Illustration: Aïda Amer/Axios

All the tough talk and finger-pointing between officials in the U.S. and China about this pandemic belies cooperation among scientists in the two countries who are racing to understand the deadly virus.

Why it matters: Pandemics are a global problem that scientists say require a global solution. But scientific advances are increasingly seen as a national competitive advantage, creating tension that some experts warn could undercut global efforts to defeat COVID-19.

What's happening: Scientists in the U.S. and China are working together on testing COVID-19 treatments and drug candidates, developing vaccines, and understanding the origin and spread of SARS-CoV-2, the virus that causes COVID-19.

  • A new analysis for Axios by Pedro Parraguez of Dataverz, a data analytics startup in Copenhagen, found about 407 papers published so far this year are co-authored by researchers at institutions in the U.S. and China, out of roughly 7,770 published by researchers in the two countries. The analysis was run using the dataset and included mostly pre-print papers for this year.
  • The U.S. Centers for Disease Control and Prevention and the University of Hong Kong are the top bridges between institutions working on coronaviruses in the U.S. and China, based on another analysis by Parraguez, using co-authorship of papers as a metric for collaboration. The Chinese Academy of Sciences, China's CDC, the U.S. National Institutes of Health and the University of North Carolina at Chapel Hill feed those efforts and are important local and regional bridges.
  • "There have been huge amounts of collaboration because of the bridges that were built, 10, 15, 20 years ago," says virologist Richard Kuhn of Purdue University, citing students from China studying in the U.S. and collaboration between scientists on past outbreaks.

The big picture: There are stark warnings of "vaccine nationalism" because if a COVID-19 vaccine becomes available, there won't be enough at first to immunize the global population.

  • The World Health Organization last week launched Access to COVID-19 Tools (ACT) Accelerator, an agreement of governments, companies and other organizations to collaborate on COVID-19 diagnostic testing, treatments and vaccines with an emphasis on making sure "no one is left behind."
  • Political leaders from the U.S. and China did not participate in the launch but there is a rolling campaign to join.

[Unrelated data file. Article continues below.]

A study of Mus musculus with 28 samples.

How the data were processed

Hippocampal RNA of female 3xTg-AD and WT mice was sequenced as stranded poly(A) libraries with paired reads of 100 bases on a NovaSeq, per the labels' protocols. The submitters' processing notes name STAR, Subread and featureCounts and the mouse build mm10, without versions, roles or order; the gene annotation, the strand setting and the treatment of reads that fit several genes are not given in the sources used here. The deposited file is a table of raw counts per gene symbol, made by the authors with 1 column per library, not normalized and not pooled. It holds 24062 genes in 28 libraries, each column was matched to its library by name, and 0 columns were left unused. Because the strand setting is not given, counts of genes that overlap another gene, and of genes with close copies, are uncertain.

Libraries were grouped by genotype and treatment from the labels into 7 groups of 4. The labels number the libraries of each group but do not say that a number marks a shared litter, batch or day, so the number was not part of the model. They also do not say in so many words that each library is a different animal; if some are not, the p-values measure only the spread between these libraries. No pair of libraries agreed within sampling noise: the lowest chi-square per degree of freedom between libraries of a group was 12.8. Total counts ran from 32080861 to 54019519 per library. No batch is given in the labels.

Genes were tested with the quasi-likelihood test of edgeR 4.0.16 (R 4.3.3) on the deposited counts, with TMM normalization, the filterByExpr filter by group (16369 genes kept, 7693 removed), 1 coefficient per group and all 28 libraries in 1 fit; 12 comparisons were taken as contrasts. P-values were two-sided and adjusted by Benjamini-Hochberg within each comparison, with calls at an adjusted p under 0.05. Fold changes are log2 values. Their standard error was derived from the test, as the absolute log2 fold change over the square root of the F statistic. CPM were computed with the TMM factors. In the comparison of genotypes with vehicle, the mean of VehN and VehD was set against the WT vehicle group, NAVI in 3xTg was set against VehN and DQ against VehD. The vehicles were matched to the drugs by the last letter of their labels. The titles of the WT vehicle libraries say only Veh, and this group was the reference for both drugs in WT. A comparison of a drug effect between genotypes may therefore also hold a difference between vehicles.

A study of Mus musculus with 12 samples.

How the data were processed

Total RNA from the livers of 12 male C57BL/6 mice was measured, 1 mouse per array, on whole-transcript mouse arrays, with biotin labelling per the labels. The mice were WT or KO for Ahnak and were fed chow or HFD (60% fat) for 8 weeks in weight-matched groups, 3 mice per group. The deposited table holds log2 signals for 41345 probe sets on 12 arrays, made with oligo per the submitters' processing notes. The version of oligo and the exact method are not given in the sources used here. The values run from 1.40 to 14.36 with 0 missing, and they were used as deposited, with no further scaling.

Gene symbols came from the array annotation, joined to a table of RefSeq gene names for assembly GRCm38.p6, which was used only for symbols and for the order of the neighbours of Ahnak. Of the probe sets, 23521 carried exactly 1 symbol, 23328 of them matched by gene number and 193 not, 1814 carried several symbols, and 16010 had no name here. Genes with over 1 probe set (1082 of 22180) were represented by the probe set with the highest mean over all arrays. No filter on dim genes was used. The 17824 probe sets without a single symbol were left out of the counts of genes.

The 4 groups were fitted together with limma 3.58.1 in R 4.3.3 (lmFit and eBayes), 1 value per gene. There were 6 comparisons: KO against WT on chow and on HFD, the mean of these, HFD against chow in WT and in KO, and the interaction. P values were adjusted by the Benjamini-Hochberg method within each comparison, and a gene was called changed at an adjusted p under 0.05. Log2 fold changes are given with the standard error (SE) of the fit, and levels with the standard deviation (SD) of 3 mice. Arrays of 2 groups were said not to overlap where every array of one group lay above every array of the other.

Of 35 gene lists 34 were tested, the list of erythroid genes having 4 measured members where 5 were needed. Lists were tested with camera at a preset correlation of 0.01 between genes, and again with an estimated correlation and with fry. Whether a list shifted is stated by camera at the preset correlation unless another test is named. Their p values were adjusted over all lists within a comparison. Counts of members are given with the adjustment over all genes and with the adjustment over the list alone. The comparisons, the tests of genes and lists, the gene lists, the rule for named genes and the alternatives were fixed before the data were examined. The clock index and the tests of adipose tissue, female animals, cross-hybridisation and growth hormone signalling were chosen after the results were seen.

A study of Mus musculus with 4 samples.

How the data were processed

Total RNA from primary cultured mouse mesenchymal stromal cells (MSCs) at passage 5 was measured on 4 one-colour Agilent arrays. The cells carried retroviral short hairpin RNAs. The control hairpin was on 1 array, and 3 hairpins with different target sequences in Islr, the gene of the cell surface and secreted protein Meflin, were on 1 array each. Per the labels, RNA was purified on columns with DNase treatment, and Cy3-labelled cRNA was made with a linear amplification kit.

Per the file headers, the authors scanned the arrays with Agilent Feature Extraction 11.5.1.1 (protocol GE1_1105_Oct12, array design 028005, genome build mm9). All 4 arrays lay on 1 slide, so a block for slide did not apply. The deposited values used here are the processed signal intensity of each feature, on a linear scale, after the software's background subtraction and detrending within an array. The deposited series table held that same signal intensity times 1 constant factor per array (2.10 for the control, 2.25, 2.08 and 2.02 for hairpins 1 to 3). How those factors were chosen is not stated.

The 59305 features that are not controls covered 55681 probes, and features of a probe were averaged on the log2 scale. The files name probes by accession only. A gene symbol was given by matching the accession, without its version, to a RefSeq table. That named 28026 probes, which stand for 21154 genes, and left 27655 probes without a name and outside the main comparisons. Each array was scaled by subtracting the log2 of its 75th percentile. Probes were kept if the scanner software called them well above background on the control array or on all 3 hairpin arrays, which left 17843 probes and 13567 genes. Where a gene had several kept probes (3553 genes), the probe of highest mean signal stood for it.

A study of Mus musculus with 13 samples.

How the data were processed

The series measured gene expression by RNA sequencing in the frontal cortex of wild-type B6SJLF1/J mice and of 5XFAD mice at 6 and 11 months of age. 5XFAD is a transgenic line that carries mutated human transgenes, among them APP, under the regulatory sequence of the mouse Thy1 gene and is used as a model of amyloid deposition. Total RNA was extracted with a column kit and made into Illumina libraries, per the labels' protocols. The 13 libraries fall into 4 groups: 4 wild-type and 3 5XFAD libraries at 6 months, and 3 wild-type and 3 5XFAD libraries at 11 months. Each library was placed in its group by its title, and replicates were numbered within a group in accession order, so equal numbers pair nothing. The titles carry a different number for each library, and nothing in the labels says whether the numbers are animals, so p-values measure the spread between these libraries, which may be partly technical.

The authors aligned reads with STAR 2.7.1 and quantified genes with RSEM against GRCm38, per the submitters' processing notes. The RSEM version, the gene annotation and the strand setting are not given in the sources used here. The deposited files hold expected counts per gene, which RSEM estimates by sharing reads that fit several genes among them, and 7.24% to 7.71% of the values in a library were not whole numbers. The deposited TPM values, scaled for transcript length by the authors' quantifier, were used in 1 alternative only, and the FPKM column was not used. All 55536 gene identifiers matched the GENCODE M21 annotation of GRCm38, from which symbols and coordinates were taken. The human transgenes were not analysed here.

The bigger picture: Atoms, bits and base pairs fuel the Great Powers race. The U.S. is trying to keep its top spot as China tries to establish scientific prowess.

  • The next 5G, artificial general intelligence, quantum computing and now a vaccine for COVID-19 are seen by leaders as strategies for national security.

Yes, but: The country's scientific enterprises are intertwined.

  • The U.S. collaborated most frequently with authors from China — about 26% of U.S. internationally co-authored articles in 2018, according to a report earlier this year from the National Science Board.

The U.S. and China both benefit from their collaboration, says Jenny Lee of the University of Arizona.

  • China brings financial investment and the U.S., with its established scientific heft, extends the global reach of China's research, says Lee, who studies global higher education.
  • At the same time, there are long-running concerns about IP theft and foreign influence in U.S. research, and some U.S. lawmakers have proposed limiting the areas of science that Chinese students can study.

The two countries worked together during the SARS outbreak in 2003, the Ebola outbreak in West Africa in 2014 and other epidemics over the past 20 years.

  • The U.S. Centers for Disease Control and Prevention says it offered to help its parallel institution in China when the COVID-19 outbreak began but, the FT reports, the CDC hasn't asked them to collaborate formally on research.
  • China's initial communication of the emerging epidemic, which included delays and inaccuracies, led to criticisms and concerns about how much the U.S. and the rest of the world could trust Beijing.

For some, those concerns are even more reason to collaborate.

  • "The more engagement we have, the more opportunities we have to build relationships and inform our understanding of this emerging infectious disease threat," says Margaret Hamburg, foreign secretary of the U.S. National Academy of Science and a former FDA commissioner.
  • "There is a long tradition of science diplomacy," she says, pointing to the role of nuclear scientists in opening up the former Soviet Union and researchers in the U.S. and China working on biosecurity and biosafety today.

What to watch: "Nationalism and attacks can erode even good collaborations [among international colleagues]," says Kuhn, who is also the editor-in-chief of the journal Virology.

  • "This can have a big impact on the advancement of science," he says.
  • "Tensions between techno-nationalism and techno-globalism are unlikely to diminish in the future ... therefore, societies should not assume that international scientific collaborations will flow naturally, but rather should nurture them carefully — although urgently — through renewed diplomatic efforts, funding programs, and policy instruments," Rajneesh Narula and José Guimón wrote recently in Issues in Science and Technology.

The bottom line: Scientists are already multipolar, says Narula, a professor of international business regulation at the University of Reading in the U.K. "There can be three poles, which is what is happening: the U.S., Europe and China. Everyone is willing to accept that, except perhaps the poles themselves."